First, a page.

What is it? Excellent question. We’re talking about the pollen produced by flowers that bees gather and take back to the hive, packing it into the cells of the honeycomb. They then add nectar, enzymes, fungi, bacteria and other organisms that transform the pollen into compact nuggets, sometimes called “bee bread.”
How is it gathered? When bees collect nectar for honey, they coat their legs with pollen. The pollen is ‘delivered’ when they pass through a screen when returning to the hive; the screen gently scrapes the pollen off their legs and into a tray for collection.
Ummm…and we eat it? Apparently, yes! Considered one of those superfoods we’re always hearing about, bee pollen is full of nutrients which make it a great strength builder and food for the brain. If you’ve ever considered signing up for the Olympics, you and bee pollen will become good friends, as athletes make it a regular part of their diet when they are going for the gold.
What does it taste like? Well, unsurprisingly, it has quite an exotic floral flavor. It is certainly not an unpleasant taste, but if you’re not into eating flowers, you can sprinkle it on a bowl of fruit or cereal. It also works well in soups, salads and smoothies. Alternatively, you can avoid the whole ‘natural state’ version of it and take it in capsule form.
You say it has health benefits? Yes indeedy. It is chock-full of enzymes, trace elements, folic acid, vitamins, essential fatty acids, antioxidants and B complex content. It can also help alleviate hay fever with daily consumption before the allergy season kicks in. Herbalists are huge fans of bee pollen and claim it can cure a number of ailments. Science is still on the fence, but then scientists are always cautious to commit.
On another note, there are whispers that it could assist with weight-loss, affecting metabolism and regulating hunger. That alone could be a reason to give it a whirl. What have you got to lose but pounds?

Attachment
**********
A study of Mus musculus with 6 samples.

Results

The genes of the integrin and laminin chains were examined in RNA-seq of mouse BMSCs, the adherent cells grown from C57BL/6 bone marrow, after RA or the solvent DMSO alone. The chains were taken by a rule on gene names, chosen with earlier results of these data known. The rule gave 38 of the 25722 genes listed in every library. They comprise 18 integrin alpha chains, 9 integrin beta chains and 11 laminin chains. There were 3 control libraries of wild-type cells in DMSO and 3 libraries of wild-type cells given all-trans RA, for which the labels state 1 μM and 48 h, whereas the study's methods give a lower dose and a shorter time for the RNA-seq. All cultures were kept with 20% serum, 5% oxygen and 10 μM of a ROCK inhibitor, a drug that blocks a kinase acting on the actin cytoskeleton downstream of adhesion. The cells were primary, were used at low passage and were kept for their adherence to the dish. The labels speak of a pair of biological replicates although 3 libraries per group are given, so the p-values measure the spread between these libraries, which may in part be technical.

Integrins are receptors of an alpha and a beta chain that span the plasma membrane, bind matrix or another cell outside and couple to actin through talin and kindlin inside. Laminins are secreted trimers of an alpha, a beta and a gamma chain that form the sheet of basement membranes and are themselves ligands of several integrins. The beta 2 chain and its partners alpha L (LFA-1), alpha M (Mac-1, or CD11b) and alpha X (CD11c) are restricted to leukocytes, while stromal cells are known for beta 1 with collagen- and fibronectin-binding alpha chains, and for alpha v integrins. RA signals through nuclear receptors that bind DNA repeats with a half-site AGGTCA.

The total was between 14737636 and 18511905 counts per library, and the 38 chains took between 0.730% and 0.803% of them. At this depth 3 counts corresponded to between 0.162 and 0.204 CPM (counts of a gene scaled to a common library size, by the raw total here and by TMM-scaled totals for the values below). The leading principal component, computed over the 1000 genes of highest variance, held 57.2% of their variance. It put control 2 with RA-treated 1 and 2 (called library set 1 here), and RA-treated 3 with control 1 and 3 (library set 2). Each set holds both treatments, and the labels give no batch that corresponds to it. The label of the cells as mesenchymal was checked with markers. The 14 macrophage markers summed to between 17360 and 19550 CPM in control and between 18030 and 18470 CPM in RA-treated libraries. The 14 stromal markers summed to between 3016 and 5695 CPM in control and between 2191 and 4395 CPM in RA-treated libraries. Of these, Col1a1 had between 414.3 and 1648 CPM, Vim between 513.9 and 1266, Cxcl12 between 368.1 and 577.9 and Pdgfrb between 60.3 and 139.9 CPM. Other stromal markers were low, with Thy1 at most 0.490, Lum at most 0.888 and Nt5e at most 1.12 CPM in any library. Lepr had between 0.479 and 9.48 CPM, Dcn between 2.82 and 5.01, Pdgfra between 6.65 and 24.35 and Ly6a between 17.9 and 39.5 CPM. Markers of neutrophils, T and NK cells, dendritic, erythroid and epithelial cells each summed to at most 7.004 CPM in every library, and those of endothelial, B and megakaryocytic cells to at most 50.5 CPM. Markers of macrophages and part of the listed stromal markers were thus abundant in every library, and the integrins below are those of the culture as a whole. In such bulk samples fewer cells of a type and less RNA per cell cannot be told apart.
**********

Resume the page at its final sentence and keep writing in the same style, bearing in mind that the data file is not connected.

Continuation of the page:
Any cautions I should be aware of? Seasonal allergies are one thing, but being allergic to bees, honey or any pollen-related products is another thing entirely. You could think you’re doing something healthy for yourself and end up in hospital. Absolutely check with a doctor before you start ingesting the stuff by the cupful if you fall into this category, as hives, swelling and anaphylaxis are no laughing matter. Others can assess their tolerance first by holding a few grains in their mouth. Start out with smaller amounts and gradually build up.
You might also think that with its folic acid nutrients it would be a great choice for pregnant women. Not so, sayeth the medical experts. Bee pollen is not safe for pregnant women, and those breastfeeding should avoid it as well.
How do I store it? When you buy the raw stuff, you’ll want to keep it cold, so the refrigerator or even the freezer are good choices. Do not keep it at room
temperature, particularly in the Caribbean, or it will lose its effectiveness pretty quickly.
How did this whole craze begin? Bee pollen, unlike some other supplements, has been around for ages. Hippocrates and Pythagoras both prescribed bee pollen for its healing properties. Native Americans wore pouches containing pollen around their necks on long journeys to eat so they could sustain a high level of energy. The Chinese, Romans and Egyptians all regarded pollen as a panacea. In China, it was first described well over 2,000 years ago as sweet tasting and neutral. To this day, China is still the world’s largest producer of pollen followed by the United States. So, it must be doing something right to sustain its popularity for that many centuries.